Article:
First daughters Malia (pictured left) and Sasha Obama weren’t in Selma, Al attending the 50th anniversary ceremony of Bloody Sunday as a family obligation for their father, President Barack Obama. The teens were there for an important history lesson being taught by their dad regarding the civil rights movement. Mr. Obama paid homage to the living and fallen civil rights leaders, by marching across the Edmund Pettus Bridge with his family after he gave a speech discussing how far blacks have come and how much more needed to be done after the events on March 7, 1965 took place. Over 600 people protested for blacks to obtain voting rights by attempting to cross over the bridge. Participants were beaten with night sticks, were tear gassed and had dogs unleashed on them by police officers, who prevented them from going to the other side of the bridge.
According to the Associated Press, Mr. Obama brought his daughters to Selma, to “remind them of their own obligations” to continue to fight for civil rights in America. Last month during a Black History Month observance event at the White House, Mr. Obama stated things still needed to be done and revealed his daughters will continue on and hoped generations to come will join the cause as well. Mr. Obama remarked:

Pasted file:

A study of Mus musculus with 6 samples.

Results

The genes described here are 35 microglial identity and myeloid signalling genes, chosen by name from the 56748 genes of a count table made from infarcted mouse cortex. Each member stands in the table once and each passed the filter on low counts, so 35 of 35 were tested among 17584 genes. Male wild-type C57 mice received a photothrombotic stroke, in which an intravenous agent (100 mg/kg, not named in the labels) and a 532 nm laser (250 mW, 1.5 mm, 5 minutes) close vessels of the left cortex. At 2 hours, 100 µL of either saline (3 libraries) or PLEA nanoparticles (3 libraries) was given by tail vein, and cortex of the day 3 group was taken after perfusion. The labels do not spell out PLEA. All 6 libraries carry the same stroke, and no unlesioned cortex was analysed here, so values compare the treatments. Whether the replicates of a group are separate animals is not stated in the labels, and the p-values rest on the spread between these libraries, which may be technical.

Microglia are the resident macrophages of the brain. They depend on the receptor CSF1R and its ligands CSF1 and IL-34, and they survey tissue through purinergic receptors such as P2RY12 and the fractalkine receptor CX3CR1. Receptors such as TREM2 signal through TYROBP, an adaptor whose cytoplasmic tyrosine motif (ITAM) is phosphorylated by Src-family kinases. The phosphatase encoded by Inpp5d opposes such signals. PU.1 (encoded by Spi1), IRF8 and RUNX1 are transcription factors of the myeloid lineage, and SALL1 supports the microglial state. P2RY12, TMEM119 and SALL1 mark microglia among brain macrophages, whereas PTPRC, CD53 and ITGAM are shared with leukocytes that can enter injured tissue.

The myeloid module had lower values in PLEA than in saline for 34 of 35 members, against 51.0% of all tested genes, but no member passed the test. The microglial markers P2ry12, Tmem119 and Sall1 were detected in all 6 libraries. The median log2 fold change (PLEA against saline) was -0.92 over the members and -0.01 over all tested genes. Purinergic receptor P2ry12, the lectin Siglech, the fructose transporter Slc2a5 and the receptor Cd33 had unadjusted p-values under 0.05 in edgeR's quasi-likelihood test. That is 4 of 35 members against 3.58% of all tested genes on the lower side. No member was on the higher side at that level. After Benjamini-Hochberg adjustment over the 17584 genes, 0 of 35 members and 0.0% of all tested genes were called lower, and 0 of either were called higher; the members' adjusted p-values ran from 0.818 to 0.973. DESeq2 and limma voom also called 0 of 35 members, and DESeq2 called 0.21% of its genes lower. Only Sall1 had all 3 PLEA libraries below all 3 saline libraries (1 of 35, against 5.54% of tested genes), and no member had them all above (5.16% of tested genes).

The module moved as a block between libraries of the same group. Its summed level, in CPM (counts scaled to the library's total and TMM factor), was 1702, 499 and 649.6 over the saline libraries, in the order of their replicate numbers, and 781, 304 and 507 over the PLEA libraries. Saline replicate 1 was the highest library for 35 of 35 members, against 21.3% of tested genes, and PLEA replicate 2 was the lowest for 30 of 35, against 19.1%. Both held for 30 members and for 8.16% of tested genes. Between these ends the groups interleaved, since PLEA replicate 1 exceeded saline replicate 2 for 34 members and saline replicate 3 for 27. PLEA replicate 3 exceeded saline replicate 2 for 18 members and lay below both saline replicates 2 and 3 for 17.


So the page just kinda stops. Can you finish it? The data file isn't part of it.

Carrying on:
There are going to be marches for them to march, and struggles for them to fight. And if we’ve done our job, then that next generation is going to be picking up the torch, as well.
Earlier in the week, Mr. Obama spoke with Tom Joyner for an exclusive radio interview where he explained he advised both Malia and Sasha although situations from the 60s have improved tremendously, issues still remained. Mr. Obama referred to the police-involved shootings which took place last year in Staten Island, Ny and Ferguson, Mo, where white police officers killed unarmed black men and weren’t charged with any crimes. Mr. Obama stated:
Part of what I want Malia and Sasha to understand is that this is an unfinished project. There is, you know, work to be done right now. And I say to my daughters the same thing I say to the young people who work for me, and that is it is a glorious task that we are given to continually try to improve this great country of ours. And we shouldn’t shy away from that work and we shouldn’t be complacent about it. And everybody’s got to find their own way to do it.